The Pigeon Express

The Parallel News Keeper

Vodafone Idea, Airtel post record loss of over $10 billion

Telecom giants Vodafone Idea Ltd and Bharti Airtel Ltd have posted record losses in the September quarter, ravaged by the Supreme Court verdict that upheld the government’s broader definition of revenue on which it calculates levies on telecom operators.

[Telecom operators pay levies such as license fees and spectrum usage charge (SUC) as a share of their revenue to the government. These payouts are calculated as a percentage of the adjusted gross revenue (AGR). The Department of Telecommunications (DoT) believes that such charges be levied on the basis of entire revenues earned by a telco – including non-telecom related sources such as deposit interests and asset sales.

On contrary, service providers say that AGR should consist of revenues generated from telecom services only.




The Supreme Court of India ruled in favour of DoT upholding that the telecom companies’ entire revenue should be considered while imposing the license fee and SUC.]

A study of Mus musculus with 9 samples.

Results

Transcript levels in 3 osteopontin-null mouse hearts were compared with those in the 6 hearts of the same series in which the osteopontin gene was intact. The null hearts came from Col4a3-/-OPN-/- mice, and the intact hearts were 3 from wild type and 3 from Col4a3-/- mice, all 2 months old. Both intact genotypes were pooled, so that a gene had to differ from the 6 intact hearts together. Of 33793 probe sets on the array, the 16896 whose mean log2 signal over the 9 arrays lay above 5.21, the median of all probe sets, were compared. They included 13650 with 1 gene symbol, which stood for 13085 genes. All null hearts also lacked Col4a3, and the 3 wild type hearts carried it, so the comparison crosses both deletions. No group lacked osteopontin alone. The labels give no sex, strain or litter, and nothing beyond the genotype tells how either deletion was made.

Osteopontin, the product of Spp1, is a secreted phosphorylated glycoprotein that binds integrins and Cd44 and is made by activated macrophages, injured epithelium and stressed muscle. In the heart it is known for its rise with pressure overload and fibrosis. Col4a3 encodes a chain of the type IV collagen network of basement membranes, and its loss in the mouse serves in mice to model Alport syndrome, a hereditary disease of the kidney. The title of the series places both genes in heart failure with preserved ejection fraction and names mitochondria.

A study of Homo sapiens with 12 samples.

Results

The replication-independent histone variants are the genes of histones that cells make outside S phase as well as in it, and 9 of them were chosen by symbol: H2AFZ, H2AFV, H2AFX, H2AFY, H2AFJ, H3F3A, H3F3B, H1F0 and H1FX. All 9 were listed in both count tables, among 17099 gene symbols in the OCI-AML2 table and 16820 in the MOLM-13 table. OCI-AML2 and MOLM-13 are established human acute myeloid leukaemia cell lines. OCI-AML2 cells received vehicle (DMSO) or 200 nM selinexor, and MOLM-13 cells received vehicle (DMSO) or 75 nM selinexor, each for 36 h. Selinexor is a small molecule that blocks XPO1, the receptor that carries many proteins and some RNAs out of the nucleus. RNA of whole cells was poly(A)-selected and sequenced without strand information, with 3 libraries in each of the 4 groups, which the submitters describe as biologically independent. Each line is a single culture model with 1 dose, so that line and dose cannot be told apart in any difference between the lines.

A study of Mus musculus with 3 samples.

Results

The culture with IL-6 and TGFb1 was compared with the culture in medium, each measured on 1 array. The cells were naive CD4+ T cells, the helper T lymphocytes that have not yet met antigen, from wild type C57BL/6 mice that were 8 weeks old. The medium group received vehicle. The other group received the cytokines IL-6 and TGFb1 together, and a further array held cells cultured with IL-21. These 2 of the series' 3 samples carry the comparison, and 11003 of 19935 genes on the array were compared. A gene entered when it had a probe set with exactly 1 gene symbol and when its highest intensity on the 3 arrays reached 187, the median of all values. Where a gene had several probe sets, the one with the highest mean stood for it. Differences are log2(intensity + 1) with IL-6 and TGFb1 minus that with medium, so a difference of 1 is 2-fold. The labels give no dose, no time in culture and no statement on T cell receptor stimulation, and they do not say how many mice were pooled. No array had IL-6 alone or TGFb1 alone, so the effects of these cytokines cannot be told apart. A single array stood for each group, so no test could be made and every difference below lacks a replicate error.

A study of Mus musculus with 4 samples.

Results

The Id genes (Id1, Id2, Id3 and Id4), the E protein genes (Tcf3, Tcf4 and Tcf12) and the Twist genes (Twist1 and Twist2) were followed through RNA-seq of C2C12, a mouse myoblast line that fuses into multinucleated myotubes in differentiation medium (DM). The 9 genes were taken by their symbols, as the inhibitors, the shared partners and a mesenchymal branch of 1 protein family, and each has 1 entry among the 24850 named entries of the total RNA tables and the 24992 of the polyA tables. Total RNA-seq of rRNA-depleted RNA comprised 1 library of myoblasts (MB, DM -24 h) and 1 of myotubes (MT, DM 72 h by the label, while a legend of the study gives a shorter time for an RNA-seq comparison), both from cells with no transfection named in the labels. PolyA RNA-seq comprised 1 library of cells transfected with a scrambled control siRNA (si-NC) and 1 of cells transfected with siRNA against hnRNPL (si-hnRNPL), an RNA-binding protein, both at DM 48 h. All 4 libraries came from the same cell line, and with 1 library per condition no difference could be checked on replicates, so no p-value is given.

The Supreme Court order marked the end of a 14-year legal tussle between the department of telecommunications (DoT) and telecom operators.

The quarterly loss for both Vodafone Idea and Airtel sums up ₹74,000 crore ($10 billion).



Vodafone Idea’s loss for the September quarter widened to ₹50,922 crore from ₹4,874 crore in the year earlier, as it set aside money to pay dues to the government following last month’s adverse court order. Vodafone Idea’s loss is roughly five times its consolidated revenue from operations.

Rival Bharti Airtel Ltd too posted a massive loss, its highest and second quarterly loss in 14 years. The operator posted a ₹23,045 crore loss in the quarter ended 30 September from a profit of ₹118 crore in the year earlier.

Airtel said it would require additional financing to meet the liabilities arising from the court verdict.



Vodafone Idea said it is in the process of filing a review petition.

Analysts expect Vodafone Idea to declare bankruptcy and leave Indian market for good.